Fordham University            The Jesuit University of New York  

He Got Game

By Miles Doyle

Former NBA greats Dick Barnett, Ph.D., GSE '91, and Earl "The Pearl" Monroe (left) participated in a panel discussion on basketball and the civil rights movement at the CUNY Graduate Center on Oct. 1.
Photo by Peter Waldvogel
Three decades removed from recording his 1,538th point in the National Basketball Association and nearly two decades after earning his doctorate at Fordham’s Graduate School of Education, Dick Barnett, Ed.D, GSE ’91, recently held court on the civil rights movement as seen through the lens of professional and collegiate basketball.

Barnett joined three other former NBA greats for a panel discussion on basketball and race relations, which was held at the CUNY Graduate Center in Manhattan on Oct. 1. He told those in attendance that he helped integrate lunch counters in downtown Nashville when he was still a student at Tennessee State A & I (now Tennessee State University), a historically black university, even though he wasn’t as committed to his schoolwork at the time.

“It took me a while to realize the limitless dimension of human possibilities,” said Barnett, who went on to complete his bachelor’s degree while playing for the Los Angeles Lakers. He later earned a master’s degree in public administration at New York University and a doctoral degree in education at Fordham in 1991—one year after the New York Knicks retired his number 12 in a ceremony at Madison Square Garden.

Joining Barnett on the panel were Earl “The Pearl” Monroe, the Hall of Famer who played on the Knicks’ 1973 championship team with Barnett, and Boston Celtics greats Sam Jones and Thomas “Satch” Sanders.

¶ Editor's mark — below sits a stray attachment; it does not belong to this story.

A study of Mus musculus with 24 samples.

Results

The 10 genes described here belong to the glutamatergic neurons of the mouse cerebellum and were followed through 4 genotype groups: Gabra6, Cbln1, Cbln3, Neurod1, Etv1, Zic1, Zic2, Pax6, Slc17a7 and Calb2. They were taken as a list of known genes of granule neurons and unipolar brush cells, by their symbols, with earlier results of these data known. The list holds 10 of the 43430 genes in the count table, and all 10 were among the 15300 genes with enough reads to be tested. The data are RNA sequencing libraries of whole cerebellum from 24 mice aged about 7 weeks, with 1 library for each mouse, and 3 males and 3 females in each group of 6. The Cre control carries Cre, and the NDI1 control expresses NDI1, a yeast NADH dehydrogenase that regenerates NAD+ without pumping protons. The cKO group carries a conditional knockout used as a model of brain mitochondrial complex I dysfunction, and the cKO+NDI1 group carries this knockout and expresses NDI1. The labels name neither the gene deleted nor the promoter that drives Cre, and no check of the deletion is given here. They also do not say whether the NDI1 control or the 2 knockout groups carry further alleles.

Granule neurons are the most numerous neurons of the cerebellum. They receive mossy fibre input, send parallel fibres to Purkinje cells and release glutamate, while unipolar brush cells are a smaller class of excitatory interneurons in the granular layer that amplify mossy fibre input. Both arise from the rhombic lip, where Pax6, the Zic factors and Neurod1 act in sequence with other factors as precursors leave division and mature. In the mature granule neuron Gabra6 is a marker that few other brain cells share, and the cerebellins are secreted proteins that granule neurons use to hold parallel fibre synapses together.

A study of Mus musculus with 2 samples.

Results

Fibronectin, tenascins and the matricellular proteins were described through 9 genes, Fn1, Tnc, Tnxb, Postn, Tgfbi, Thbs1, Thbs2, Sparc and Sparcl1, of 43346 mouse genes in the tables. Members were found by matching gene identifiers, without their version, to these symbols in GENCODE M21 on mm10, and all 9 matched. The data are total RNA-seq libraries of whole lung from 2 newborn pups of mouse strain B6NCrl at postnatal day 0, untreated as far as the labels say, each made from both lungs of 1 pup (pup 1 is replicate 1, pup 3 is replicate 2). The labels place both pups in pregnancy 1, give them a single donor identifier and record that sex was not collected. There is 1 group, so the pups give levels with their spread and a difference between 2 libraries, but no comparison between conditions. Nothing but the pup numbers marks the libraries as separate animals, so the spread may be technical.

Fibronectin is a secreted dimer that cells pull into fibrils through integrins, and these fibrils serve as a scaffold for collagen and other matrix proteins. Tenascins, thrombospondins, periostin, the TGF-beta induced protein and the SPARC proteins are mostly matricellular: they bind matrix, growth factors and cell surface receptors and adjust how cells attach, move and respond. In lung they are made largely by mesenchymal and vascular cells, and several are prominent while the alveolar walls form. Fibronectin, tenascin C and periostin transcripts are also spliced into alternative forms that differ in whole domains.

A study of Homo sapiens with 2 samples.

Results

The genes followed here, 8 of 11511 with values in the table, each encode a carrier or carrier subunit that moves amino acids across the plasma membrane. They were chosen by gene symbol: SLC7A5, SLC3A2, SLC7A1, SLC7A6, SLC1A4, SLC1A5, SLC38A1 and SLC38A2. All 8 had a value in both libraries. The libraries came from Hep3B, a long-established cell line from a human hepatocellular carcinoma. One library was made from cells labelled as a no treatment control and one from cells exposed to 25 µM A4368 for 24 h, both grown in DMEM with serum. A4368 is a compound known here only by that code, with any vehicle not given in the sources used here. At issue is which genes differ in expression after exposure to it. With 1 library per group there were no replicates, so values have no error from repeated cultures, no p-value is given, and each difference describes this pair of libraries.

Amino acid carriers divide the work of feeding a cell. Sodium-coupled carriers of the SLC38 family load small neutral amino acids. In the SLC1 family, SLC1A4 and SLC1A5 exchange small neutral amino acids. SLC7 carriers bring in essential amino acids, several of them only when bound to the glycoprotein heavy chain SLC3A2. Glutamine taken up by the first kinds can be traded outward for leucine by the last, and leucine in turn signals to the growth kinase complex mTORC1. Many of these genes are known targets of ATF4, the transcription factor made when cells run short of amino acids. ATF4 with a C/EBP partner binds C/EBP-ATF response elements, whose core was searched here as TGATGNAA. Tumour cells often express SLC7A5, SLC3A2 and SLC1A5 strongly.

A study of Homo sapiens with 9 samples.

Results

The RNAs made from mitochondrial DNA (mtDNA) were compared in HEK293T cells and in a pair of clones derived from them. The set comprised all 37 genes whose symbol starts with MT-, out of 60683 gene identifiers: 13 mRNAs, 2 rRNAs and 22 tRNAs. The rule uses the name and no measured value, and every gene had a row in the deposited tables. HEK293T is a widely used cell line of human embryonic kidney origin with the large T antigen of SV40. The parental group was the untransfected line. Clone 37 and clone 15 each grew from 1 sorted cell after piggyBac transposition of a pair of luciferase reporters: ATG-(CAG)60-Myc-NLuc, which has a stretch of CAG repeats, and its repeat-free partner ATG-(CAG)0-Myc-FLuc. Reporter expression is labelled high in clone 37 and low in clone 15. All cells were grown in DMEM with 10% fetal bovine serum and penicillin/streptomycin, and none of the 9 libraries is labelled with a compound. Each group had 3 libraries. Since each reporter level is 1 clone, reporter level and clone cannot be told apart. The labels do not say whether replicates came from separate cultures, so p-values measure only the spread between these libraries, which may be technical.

“I used to wear a [skull] cap with African colors. I read Dr. [Martin Luther] King’s speeches before games to get my mind right,” said Monroe, who recently produced Black Magic, an ESPN documentary on the experiences of black college players before and during the civil rights movement.

“People understood that I was for something.”

Thomas “Satch” Sanders, a member of the Boston Celtics dynasty of the 1960s, said black athletes always had to be at the top of their game, especially off the court.
“Being black was the issue,” explained Sanders, who said the Celtics drafted him out of New York University largely because Bill Russell, the team’s All-Star center, needed another black player to talk to on the all-white roster. “We had to carry ourselves differently than [our] white teammates.”

Barnett said current African-American basketball players are too concerned with getting paid instead of focusing on bigger issues, like education and civil rights, despite the inroads forged by the earlier generations of black athletes.

“I want them to see beyond the stereotype,” said Barnett, who retired as a professor of sports management at St. John’s University in 2007 and currently runs the New York-based Athletic Role Model Educational Institute (ARM), a non-profit organization with a focus on education for at-risk students. “I want them to get past the bastardized world of goods and services.

“They need to realize the importance of getting an education. They need to know academics and athletics can peacefully and productively coexist.”

—Miles Doyle, FCRH '01, is the associate editor of FORDHAM magazine.